Barcelona, July 2nd – July 11th 2012
COURSE – ICTA UAB
Historically, minorities and poor populations have been victims of greater environmental harm and received less environmental protection than white and richer communities. Marginalized urban neighborhoods have also tended to get the poorest environmental services while wealthier and white communities have enjoyed environmental privileges often in a racially exclusive manner. Similarly, in the global South, the lands of poor populations and indigenous tribes have been disproportionally affected by environmental contamination and resource extraction. Environmental inequalities also manifest in regards to climate change, with rising inequalities between Northern and Southern nations vis-à-vis climate vulnerability and impacts.
From its origins in the United States in the 1980s, the study of movements of environmental justice at local, national, and global, and "glocal" scales, continues to make much progress. Environmental justice activists advocate for greater voice in matters of social justice, indigenous peoples' rights, wealth redistribution, and opportunities for engaged participation in land use decisions. Conflicts often arise from the increasing metabolism of the economy (resource extraction conflicts, waste disposal conflicts), unjust planning and policy decisions, ignorance of questions of identity and valuation, and poor attention given to the social context in which unjust distribution occurs.
The field of Political Ecology studies the relations of power in human ecology and pays particular attention to the development of conflicts in regards to the environment. Today, researchers are moving from individual case studies to inventories, mapping, and statistical analysis of environmental conflicts, as is the case in the European-funded EJOLT project. In ICTA, researchers have specialized in studying the broad array of environmental conflicts arising in the Global North and South in the context of intensifying global material and waste flows.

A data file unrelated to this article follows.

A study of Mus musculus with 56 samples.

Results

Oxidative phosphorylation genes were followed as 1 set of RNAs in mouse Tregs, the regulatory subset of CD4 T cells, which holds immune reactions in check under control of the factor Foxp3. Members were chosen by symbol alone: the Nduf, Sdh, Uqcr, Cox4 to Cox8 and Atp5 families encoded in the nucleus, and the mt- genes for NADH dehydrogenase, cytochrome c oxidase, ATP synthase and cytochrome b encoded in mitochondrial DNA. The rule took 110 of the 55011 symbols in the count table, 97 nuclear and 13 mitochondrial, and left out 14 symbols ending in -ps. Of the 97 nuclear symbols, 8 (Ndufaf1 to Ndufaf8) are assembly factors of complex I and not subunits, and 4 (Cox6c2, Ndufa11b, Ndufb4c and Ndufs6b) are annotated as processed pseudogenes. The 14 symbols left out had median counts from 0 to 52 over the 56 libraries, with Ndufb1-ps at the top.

To learn a bit more about our research before the start of the summer school, you can have a look some of the recent articles published by ICTA researchers.
This course, taught in English (20 hours of lectures + workshop, 2.5 ETCS), examines the global movement for environmental justice and analyzes socio-environmental conflicts at different scales. The course is based on lectures and active discussions and will also use videos and other materials prepared by ICTA/UAB researchers on their own research. It is linked to some of the European research projects at ICTA/UAB: EJOLT, ENGOV, CLICO and URBLIV. Course sessions will take place in the classrooms of the UAB in Cerdanyola del Vallès, close to Barcelona.
Geared at the master or doctoral level mainly for students working or intending to work on environmental conflicts, this course will require an exam as well as the write-up of an essay on an environmental conflict at the end of the course. The course is divided into three parts: a first introductory section on theoretical underpinnings of environmental justice and conflicts, a second section discussing mechanisms and processes to address and redress environmental injustice, and a third section presenting and discussing cases and dimensions of environmental conflicts (including climate justice, hydric justice, mining, oil and biomass extraction conflicts, urban conflicts, and waste disposal conflicts).
The course can be taken for credit and is recognized by the European Transfer Credit system. It will be taught by Isabelle Anguelovski, Robert Bullard, Giorgos Kallis, Joan Martínez-Alier, Jesus Ramos Martin, David Szablowski, and associated ICTA researchers.